Gabrielle Pati (January 03, 2010)
The defeat for the New York gay marriage bill this December was a devastating blow for the gay community in all parts of NYC, upstate and Long Island. Gay activists are now targeting some Italian American officials and criticizing them for voting against the bill due to closeted conservatism or just plain betrayal.

    In early December, the New York State Senate, a body of politicians under intense scrutiny for its lack of unity in the Democratic v. Republican scramble for power, met to vote on a gay marriage bill that would have potentially given thousands of citizens the right to get married. The bill was defeated, and many criticizing Queens politicians for their votes against the bill and failure to stand up for the rights of their constituents.   

  The defeat was painful for the gay rights movement: a clear 38-24 vote proved that some politicians in New York are voting, no on the issue at stake, but on the stake at getting elected in the future. On Saturday Dec. 12, gay rights activists organized by groups like the LGBT Coalition of Queens and the Western Queens Same Sex Marriage Alliance,  marched on Monserrate’s office in East Elmhurst Saturday; and Sen. George Onorato’s (D-Astoria) office Sunday. The pain of the defeat of the recent gay marriage bill is still resonating in the New York gay community, and the voice of rage intends to be heard.   

    Queens gay rights activists are up in arms about the recent vote against gay marriage that failed to convert New York to the side of the handful of American states in which gay marriage is legal.

    Although thought of as a state infused with liberalism, there are many conservative and anti gay marriage crusaders who represent New Yorkers in the Senate and in the City Council. Some examples are Eric Ulrich, the 24 year old Republican openly opposed to gay marriage who represents Howard Beach and Ozone Park in the Council; and Senator Queens Joseph Addabbo (D-Howard Beach) who voted against the bill even though support from gay rights activists aided in his victory in last year’s election. Other senators to vote against it were Shirley Huntley (D-Jamaica), George Onorato (D-Astoria) and Frank Padavan (R-Bellerose).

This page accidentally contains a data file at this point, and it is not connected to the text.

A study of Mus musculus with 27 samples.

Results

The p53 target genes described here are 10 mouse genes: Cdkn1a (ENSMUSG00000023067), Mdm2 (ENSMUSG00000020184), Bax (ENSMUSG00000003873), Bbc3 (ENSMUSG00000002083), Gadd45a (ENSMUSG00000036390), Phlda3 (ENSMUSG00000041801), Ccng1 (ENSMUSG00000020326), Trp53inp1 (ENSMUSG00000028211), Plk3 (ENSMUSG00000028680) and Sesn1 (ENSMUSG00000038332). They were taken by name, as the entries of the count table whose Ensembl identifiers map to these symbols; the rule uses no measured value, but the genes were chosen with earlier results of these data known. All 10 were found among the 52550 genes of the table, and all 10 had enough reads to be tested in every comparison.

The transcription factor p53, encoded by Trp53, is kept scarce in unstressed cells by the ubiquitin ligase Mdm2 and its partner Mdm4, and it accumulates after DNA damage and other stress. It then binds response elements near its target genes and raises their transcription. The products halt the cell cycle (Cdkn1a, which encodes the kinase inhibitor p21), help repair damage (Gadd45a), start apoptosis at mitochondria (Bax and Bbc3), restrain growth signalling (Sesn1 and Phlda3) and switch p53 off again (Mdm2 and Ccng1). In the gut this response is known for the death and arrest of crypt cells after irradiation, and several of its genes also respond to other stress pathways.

Joe Addabbo told reporters following a City Hall conference recently that "First and foremost, I am very thankful to everyone who got me to where I am as a state senator. I am grateful to all those in the gay community that supported me - whether it be financially or with the hours of volunteer work. I'm grateful to them, but never once did I say to anyone or any particular entity what my position was on the issue." Although the Senator voted twice in favor of extending rights to same-sex couples, he insists that his “no” vote on the marriage bill was not a betrayal to the Queens’ gay community.

    Regarding Senator Padavan, a political insider, speaking on condition of anonymity said that “within a year and a half there’ll be a senator in that district that supports marriage equality.”  Yet his vote against the gay marriage bill has lasting effects for the gay community in Queens that he represents. The underlying concern here is that New Yorkers need politicians that will represent their changing needs. Queens is now a county with a growing gay population deserving of the same rights that other citizens enjoy, regardless of sexual orientation. The conservative and/or religious residents of Queens would beg to differ, and the vote against gay marriage is proof of the sway these voters have on their local officials.

    Gay citizens in New York feel betrayed by their local politicians, especially by Sen. Addabbo, in the defeat of the gay marriage bill vote this December. Were politicians voting “No” because they were afraid of the clout they might lose? Or did the bill's shut down signify the kind of conservatism hidden in the closets of political figures, a tendency that stays repressed until voting time? In any case, senators who were thought to be on the ‘yes’ side of the gay marriage equation in New York abandoned ship when the movement was at a critical point, and the voting season next year will unleash the frustration that gay New Yorkers are harnessing, and the change they wish to see.